The parties must stop dithering and address the English question

The challenge for mainstream parties is to express and ground alternative ideas of the English nation and to connect these to a renewed case for the Union.

By Michael Kenny

The development of a more compelling, contemporary case for Britain’s Union requires not just a fine-grained understanding of Scottish sensibilities and arguments, but also a proper consideration of the nature and implications of developing forms of English identity. A growing body of social science research points to a gradual reassertion of English nationhood in the current period, a trend that is more deeply rooted and politically significant than is generally appreciated. Several different, contending versions of what it means to be English are quietly and inexorably leaving their imprint upon the agendas and assumptions of politics at Westminster.

All of the main parties have obvious, short-term incentives for averting their eyes from these issues, or for playing them tactically, given their own internal differences on Europe and the Union, and the difficulties they have in engaging with the public on such matters. And yet each is likely to find an evasive or purely tactical stance increasingly difficult to sustain. In part, this is a result of the dramatic coincidence of loud questions about Britain’s role in Europe, the referendum on Scottish independence and the attendant debate about the Union, and the likelihood of further devolutionary developments in Scotland and Wales, even if Scottish independence does not come to pass.

More generally, national questions are necessarily difficult for politicians who are schooled in the dominant narrative in the UK of centralised and functional, rather than territorial, governance. And yet the blood has been seeping away from the Westminster model for some time, primarily because long-established ideas about what was special and unique about Britain and its evolving system of parliamentary government began to lose their appeal as the last century drew to a close.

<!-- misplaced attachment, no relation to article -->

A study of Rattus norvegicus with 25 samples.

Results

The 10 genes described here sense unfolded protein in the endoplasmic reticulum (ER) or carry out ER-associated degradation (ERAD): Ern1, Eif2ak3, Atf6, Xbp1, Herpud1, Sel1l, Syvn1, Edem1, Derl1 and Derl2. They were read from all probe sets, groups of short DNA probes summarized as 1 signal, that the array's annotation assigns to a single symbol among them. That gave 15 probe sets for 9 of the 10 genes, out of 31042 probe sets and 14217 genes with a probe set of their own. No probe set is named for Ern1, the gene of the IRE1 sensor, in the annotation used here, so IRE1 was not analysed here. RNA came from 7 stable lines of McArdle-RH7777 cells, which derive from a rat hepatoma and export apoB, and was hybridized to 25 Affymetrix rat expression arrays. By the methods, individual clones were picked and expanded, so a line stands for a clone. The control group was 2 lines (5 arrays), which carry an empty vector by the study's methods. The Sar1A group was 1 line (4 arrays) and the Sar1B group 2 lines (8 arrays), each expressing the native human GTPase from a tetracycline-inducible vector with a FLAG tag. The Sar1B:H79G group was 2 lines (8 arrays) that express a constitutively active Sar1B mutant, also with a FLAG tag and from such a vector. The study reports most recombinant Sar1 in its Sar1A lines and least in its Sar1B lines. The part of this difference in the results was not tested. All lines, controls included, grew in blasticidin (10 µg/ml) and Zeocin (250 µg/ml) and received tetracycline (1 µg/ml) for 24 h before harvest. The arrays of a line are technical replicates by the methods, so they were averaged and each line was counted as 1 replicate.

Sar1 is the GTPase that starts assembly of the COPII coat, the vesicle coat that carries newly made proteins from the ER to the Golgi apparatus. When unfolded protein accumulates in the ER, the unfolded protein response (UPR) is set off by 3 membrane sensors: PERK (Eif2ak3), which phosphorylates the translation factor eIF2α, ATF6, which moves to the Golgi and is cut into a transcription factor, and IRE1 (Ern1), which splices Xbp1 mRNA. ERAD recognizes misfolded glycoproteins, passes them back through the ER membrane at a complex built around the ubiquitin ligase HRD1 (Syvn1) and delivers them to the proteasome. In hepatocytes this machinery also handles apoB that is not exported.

The three main parties appear either uncomfortable or uncertain as they grapple with these national questions. For the Conservative party, David Cameron’s deployment of familiar Unionist arguments in the debate over Scottish independence sits awkwardly with the reality that the Tories look increasingly like the party that represents the most affluent parts of southern and central England. Many voters within their electoral core are increasingly impatient with the Union and Scottish demands upon it.

In Labour’s case, Ed Miliband’s “one nation” rhetoric is vulnerable to a pretty obvious rejoinder – “which nation?” Perhaps best known as a Tory phrase, it is heard in Scotland, Wales and Northern Ireland as a decidedly English trope. Engaging with contemporary English sensibilities raises another pressing question for the Labour party: how can its rediscovery of an authentic, radical lineage of progressive patriotism – as proposed by figures such as the chair of its policy review, Jon Cruddas – be reconciled with the widespread perception that the party clings to the established order because of its heavy reliance upon the votes of Scottish MPs? If Labour does succeed in winning a majority in the general election of 2015 but lacks representatives in large swathes of southern, eastern and western England and the midlands, it could well find itself facing a crisis of territorial legitimacy, at the mercy of a potent English-focused backlash. (Indeed, one advantage of coalition with the Liberal Democrats is that this might help offset Labour’s position in England, as it has done in relation to the Tories’ situation in Scotland.)


In the end, the most effective response to increasingly prominent populist-nationalist sentiments is not to disengage from the terrain of “the national-popular” in the name of universal liberal values, nor to try to recycle or appropriate the simplicities of nationalist-populist rhetoric on issues like immigration. The better, more enduring alternative is to work much harder and more imaginatively – in intellectual, cultural and policy terms – to express and ground alternative ideas of the English nation, and to connect these to a renewed case for Union. This is the major challenge linking the various national questions of British politics. It is time that the parties stopped dithering and embraced it. 

The full version of this article will appear in the forthcoming essay collection Democracy in Britain, Essays in honour of James Cornford to be published by IPPR in February.’ Michael Kenny’s book, “The Politics of English Nationhood” is published by Oxford University Press in February.